A new fencing ordinance is heading toward the Detroit Lakes City Council on May 11.
The new rules, recommended unanimously by the city Planning Commission on April 22, included an approved and prohibited materials list for fence construction and diagrams explaining fence height requirements for three different property types. The ordinance also includes a "grandfather" clause, which would allow residents to keep their existing fences under the old ordinance.
"It's a legal, non-conforming, use, so they would have the right to maintain that fence indefinitely," said Larry Remmen, community development director for Detroit Lakes, during the commission meeting. "But once the fence was removed for more than a year, then they would have to replace it under this ordinance."
Under the new fence rules, stone, brick, finished wood, vinyl, metal, or chain link, are the only approved materials for fence construction. Prohibited materials include: agricultural fencing materials, electrically charged elements, barbed wire, cables, wire, or used materials.
However, Remmen said, if a resident was able to show an undue burden in conforming to the new ordinance, they could apply for a variance through the city's committee process.
The ordinance also includes diagrams depicting the various fence height requirements for three different lot types.
A standard lot allows for a 6-foot fence in the rear yard, but the fence's height must decrease to 3 feet, or a 4-foot with chain link materials, when it crosses the house into the front yard.
A lakefront property does not allow fences on the lakeside within the shore impact zone, which can vary based on the property location, but then allows a 3-foot fence to the front of the house. The fence height can then be raised to 6 feet in the rear yard, but must then be reduced back down to 3 feet within 30 feet of the property line on the street side.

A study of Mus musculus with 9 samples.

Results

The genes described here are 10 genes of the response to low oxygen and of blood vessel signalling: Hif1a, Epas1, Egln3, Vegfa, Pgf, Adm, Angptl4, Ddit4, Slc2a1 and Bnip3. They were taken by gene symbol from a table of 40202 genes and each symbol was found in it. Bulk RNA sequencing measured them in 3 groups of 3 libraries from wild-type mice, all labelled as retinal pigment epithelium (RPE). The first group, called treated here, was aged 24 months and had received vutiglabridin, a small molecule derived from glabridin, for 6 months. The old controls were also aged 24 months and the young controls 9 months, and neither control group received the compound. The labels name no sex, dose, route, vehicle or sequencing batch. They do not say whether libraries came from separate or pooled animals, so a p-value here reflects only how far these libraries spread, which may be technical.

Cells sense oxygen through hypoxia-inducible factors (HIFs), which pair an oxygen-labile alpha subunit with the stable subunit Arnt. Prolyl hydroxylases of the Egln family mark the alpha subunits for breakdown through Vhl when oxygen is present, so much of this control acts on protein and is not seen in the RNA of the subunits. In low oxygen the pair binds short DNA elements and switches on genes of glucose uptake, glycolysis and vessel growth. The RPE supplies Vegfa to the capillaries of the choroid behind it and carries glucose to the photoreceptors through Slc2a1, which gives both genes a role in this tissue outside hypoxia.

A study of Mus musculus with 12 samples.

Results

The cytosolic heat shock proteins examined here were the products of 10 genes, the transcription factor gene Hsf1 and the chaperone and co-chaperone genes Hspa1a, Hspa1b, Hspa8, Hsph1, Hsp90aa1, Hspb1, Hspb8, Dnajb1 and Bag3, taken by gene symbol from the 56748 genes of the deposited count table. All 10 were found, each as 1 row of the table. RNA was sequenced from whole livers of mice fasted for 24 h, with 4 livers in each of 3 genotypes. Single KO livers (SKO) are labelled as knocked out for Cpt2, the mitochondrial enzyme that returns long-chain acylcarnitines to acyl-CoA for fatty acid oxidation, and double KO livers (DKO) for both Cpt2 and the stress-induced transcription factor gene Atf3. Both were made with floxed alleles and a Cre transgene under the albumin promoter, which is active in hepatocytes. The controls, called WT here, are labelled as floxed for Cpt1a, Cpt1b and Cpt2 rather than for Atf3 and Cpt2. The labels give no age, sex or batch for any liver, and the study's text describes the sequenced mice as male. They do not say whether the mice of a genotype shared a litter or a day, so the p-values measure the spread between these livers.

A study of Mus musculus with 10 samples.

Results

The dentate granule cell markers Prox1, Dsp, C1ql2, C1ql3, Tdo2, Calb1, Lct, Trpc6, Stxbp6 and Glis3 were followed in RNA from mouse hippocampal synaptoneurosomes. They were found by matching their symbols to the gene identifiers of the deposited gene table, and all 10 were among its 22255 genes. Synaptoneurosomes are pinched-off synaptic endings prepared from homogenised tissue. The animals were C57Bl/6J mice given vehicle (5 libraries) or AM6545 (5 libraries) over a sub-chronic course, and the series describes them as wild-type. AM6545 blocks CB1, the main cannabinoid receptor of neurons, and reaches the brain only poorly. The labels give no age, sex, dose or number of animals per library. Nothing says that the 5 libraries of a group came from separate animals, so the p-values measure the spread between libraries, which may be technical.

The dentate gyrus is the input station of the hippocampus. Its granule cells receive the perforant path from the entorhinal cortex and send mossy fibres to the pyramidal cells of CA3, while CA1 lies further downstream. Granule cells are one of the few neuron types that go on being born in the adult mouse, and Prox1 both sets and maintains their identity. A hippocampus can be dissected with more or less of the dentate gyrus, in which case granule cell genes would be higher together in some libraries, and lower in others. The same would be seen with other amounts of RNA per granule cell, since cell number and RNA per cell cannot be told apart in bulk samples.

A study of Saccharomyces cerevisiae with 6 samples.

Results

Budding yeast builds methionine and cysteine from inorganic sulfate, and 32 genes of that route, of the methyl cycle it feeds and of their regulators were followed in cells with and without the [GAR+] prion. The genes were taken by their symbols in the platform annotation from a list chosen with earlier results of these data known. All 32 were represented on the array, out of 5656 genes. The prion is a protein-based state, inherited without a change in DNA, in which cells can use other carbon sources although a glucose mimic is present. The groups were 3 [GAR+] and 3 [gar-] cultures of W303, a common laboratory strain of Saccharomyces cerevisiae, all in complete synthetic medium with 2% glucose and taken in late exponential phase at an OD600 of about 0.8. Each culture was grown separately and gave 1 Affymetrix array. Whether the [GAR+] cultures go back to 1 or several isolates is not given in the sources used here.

A corner lot at the intersection of two different streets, allows a 3-foot fence, or a 4-foot with chain link materials, in the front yard, but doesn't allow any fencing within 25 feet of the intersection to allow for driver visibility of oncoming traffic. Once the fence passes into the rear yard of the property, the fence height can be raised to 6 feet until it approaches the rear lot line. The fence height must decrease to 3 feet within 20 feet of the rear lot line.
Language was also included in the new ordinance requiring maintenance and repair of damaged fencing to avoid penalties from the city.
The new ordinance states: "Every fence shall be maintained in a condition of reasonable repair and shall not be allowed to become or remain in a condition of disrepair, or danger. Every damaged or missing element of any fence, or wall, shall be repaired, or replaced, immediately. Any fence, or wall, which is, or has become, or remains, in a state of disrepair is a public nuisance and may be subject to abatement."
The proposed rules will first make their way to the city's community development committee meeting on May 10 at 5 p.m., at the Historic Holmes Theatre for discussion, and potential recommendation, to the full City Council during their regular meeting the following day. If approved by the council, the changes would go into effect June 8.